Seeing your GP - time to think twice?
Getting an appointment to see your GP could become increasingly difficult.
Under new plans which will change how some services are delivered in Northern Ireland, GPs will be expected to do a lot more in the community.
The idea is to remove pressure from already swamped emergency departments which are over used and expensive to run.
However, that could mean that members of the public will have difficulty accessing an appointment.
While some people said they had no problem getting to see their doctor, others said they often have had to wait one or even two weeks.
Ciara Hunter from Ballyclare contacted the BBC Newsline Facebook page.
When her 15-month-old daughter became ill at Christmas, she was turned away from the out-of-hours service and, instead, had an unnecessary wait in her local accident and emergency department.
"We spent 12 hours waiting for a doctor and a consultant to give us the okay to leave because we were told to go to A&E," she said.
"If a doctor on call had seen us and had done the same test, we could have been in and out in half an hour."
The chief executive of the Health and Social Care Board John Compton said people were entitled to have quick and easy access to medical care.
However, he said that process relied on various different parts of the health system, including pharmacies and out-of-hours services, working together.
"One of the quality measures for any health and social care system is speed of access. People want access quickly and appropriately. Of course we want to see it get better,
"I think for the overwhelming majority of people, the system really does work," he said.
With more than 1,100 GPs and 450 locums practising in Northern Ireland, on paper, it seems that supply should satisfy demand.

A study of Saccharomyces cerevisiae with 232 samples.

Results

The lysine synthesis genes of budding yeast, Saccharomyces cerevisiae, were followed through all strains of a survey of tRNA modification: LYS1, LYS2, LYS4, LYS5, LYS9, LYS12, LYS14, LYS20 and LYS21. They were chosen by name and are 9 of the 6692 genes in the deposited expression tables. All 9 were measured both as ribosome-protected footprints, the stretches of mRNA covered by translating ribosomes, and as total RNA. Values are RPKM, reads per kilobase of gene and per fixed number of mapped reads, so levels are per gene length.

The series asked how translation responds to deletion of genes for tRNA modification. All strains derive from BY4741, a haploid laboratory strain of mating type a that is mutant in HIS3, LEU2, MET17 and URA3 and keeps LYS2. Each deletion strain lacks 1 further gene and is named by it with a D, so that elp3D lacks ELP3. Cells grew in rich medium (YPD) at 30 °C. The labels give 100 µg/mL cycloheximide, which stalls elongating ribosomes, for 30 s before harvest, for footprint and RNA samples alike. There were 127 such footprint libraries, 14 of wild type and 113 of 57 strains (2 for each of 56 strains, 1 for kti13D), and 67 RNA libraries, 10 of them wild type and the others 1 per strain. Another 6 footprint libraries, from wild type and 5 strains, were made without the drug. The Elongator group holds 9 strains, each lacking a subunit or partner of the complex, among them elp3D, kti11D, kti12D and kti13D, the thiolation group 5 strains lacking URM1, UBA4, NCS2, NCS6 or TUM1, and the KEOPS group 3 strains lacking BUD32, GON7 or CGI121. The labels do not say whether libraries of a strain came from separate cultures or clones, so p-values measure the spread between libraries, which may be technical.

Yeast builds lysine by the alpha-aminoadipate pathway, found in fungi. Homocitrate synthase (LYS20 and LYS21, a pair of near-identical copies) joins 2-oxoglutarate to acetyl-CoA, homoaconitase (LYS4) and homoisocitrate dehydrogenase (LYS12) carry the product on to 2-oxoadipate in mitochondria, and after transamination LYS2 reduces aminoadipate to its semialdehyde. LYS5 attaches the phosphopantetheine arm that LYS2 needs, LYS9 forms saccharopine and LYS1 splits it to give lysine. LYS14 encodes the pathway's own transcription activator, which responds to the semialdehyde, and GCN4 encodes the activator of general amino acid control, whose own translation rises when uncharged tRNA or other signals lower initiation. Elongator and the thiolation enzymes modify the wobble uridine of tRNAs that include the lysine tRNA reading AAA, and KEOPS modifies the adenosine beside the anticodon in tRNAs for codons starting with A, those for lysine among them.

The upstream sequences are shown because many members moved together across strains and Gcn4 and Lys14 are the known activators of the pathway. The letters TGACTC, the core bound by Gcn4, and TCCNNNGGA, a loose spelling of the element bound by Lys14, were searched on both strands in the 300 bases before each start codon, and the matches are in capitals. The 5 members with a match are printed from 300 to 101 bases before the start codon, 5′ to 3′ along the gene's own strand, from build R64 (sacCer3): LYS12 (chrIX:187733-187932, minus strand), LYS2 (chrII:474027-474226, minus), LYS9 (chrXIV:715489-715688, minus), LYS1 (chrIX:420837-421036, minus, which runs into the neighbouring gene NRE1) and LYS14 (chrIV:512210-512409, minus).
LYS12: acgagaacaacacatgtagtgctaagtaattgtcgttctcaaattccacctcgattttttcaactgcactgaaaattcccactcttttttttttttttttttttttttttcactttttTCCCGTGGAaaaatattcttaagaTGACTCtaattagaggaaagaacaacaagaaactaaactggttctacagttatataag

But the public body which represents the patient voice, the Patient Client Council, said the system did not always work according to plan.
Chief Executive Maeve Hully said if the system is to be modernised, it must be done in its entirety.
"Some of the people who have spoken to us have talked about feeling blamed for arriving in an emergency department when they perhaps could have had care elsewhere," she said.
"Unless there is better information about the services that are out there - for example the GP out-of-hours and the minor injuries units - people will continue to go to emergency departments because they know they will get care."
Another problem that is clogging the system is that people in Northern Ireland tend to visit their GP more - in fact 20% more than their English counterparts. Doctors said that under the new system, some members of the public need to rely on them less.
Dr Tom Black, a GP in Londonderry, said that people should ask themselves if they really need to see a doctor.
"With limited resources and increasing demands from elderly people with more chronic diseases, we need to apply the resource to those with the greatest need, not those with the greatest want. If you're young and have a minor illness, probably deal with it yourself through the pharmacist," he said.
Northern Ireland's health system is on the move. Those drawing the map say it will become a much more efficient service.
In the Republic of Ireland, they tackled the problem by introducing charges. While this is effective, it is a controversial move that so far is not being considered in Northern Ireland.